Safe interior references in the presence of mutation

Suppose like Rust & C/C++, we want to support references that point to the inside of another value. A reference<t> is something that can be dereferenced (deref : reference<t> -> t). A reference may also be mutable, so that we can set its value. It may also support other operations, such as walking a data structure. Examples:

  1. Given a struct x { a:int, b:int }, we can obtain a reference y=&x.a. Later on, we can read from that reference.
  2. Given a sum type, we can pattern match on it and obtain a reference to the value inside of it.
  3. Given an array, we can obtain an iterator of the array. We can dereference the iterator to obtain the current value, and we can call next() to obtain a reference to the next item. The same goes for an iterator over a tree.

Note that "reference" in the sense I'm using is not necessarily just a pointer. A tree iterator may maintain a stack of parent nodes in order to be able to traverse a singly linked tree.

There's one nasty problem with references, which is that in the presence of mutation they can lead to memory unsafety or run time errors. Examples:

  1. Given the sum type (Either Int String), and x = Left 3, we can pattern match on x and obtain a reference r to the value 3 inside it. If we then mutate x := Right "foo", now the reference r is no longer valid. If r is represented as a plain old pointer, then if we dereference it we will try to read an int where now a string is stored.
  2. Given a tree iterator over some tree, we can go to somewhere in the middle of the tree. If we now mutate the tree, the iterator may no longer be valid.

As you can see, it's not just a problem with pointers. Even in a language like Java, you have problems with iterators when the underlying data structure is mutated. At run time they may throw ConcurrentModificationException.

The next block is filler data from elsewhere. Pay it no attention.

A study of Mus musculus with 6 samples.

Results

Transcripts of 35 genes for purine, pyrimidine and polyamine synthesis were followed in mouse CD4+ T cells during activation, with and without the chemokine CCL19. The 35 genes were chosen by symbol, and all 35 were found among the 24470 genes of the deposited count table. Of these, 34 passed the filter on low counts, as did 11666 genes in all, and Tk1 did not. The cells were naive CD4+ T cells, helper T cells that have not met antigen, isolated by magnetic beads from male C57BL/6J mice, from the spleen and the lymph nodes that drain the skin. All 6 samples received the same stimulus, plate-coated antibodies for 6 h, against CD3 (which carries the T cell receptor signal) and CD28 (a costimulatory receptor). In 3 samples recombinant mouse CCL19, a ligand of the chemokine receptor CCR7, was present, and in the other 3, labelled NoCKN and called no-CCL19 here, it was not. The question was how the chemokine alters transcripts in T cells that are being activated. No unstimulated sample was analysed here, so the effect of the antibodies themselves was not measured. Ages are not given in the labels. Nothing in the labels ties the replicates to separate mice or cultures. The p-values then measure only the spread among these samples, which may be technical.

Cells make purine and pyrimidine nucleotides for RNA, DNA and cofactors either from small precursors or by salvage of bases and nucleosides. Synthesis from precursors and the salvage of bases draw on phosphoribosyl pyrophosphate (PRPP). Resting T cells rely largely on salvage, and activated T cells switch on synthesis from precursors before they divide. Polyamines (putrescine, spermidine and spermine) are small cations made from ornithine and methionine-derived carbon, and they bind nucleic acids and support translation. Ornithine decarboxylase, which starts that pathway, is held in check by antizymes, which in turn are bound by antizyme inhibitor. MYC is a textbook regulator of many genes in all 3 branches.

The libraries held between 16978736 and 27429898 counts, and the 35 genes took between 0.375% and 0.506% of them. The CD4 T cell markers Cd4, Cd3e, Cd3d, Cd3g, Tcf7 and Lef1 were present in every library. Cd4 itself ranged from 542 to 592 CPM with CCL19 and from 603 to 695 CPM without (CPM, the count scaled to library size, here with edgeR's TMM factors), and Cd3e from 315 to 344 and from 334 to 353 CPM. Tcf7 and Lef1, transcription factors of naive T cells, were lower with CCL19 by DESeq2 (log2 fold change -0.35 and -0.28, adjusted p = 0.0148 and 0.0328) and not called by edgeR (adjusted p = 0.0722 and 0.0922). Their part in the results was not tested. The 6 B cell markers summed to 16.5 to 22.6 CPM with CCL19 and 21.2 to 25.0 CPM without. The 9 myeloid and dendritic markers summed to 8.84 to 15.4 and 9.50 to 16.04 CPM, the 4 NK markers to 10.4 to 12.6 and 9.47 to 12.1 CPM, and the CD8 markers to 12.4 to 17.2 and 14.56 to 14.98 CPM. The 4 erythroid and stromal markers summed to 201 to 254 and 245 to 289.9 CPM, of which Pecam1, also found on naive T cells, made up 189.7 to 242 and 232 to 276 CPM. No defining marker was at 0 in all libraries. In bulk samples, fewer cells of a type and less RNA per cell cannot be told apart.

Rusts type system attempts to prevent these kind of errors statically, but Rusts type system isn't fully finalized yet and it is quite complicated. I was wondering if there is existing literature on this problem and perhaps there is some elegant way to prevent this with types. It would probably involve linear types and capabilities.

If such a thing does not exist yet, one thing I can think of is to require a linear capability in order to mutate the value, and in order to obtain a reference to the inside of the value you must give up this capability. In return you get a capability that allows you to read the references. If you later want to mutate again, you have to give up the capability to read the references. Is this a good approach? Why/why not?


Just go parametric polymorphism and defer the generalization of a referenced variable up till a module boundary, or class definition.

At least. That is what I hope will work for me at some point when I get interested in writing another interpreter. No idea, really.


Mezzo's been mentioned a couple of times recently, and while I haven't investigated it much yet, it sounds like it's squarely in this problem area.

Dependent products

A good elaboration on this topic is in this reddit comment. Basically, the author thinks that the problem arises because e.g. sum types are dependent products (pairs), where the type of the second component (the payload) depends on the value of the first component (the tag). Therefore, as long as a reference exists to the second component, the first component must not be modified, for the type of the reference to remain valid.

More than generalisation

Although generalisation is a problem with mutable references - there is a rule of three here: polymorphism, references and mutability, any 2 are fine, but all three together doesn't work. The case of 'inner' references seems more complicated. I would probably look to do something with scoping, so that when pattern-matching introduces a new nested scope that holds a reference to an inner-field, the path to that field would be immutable.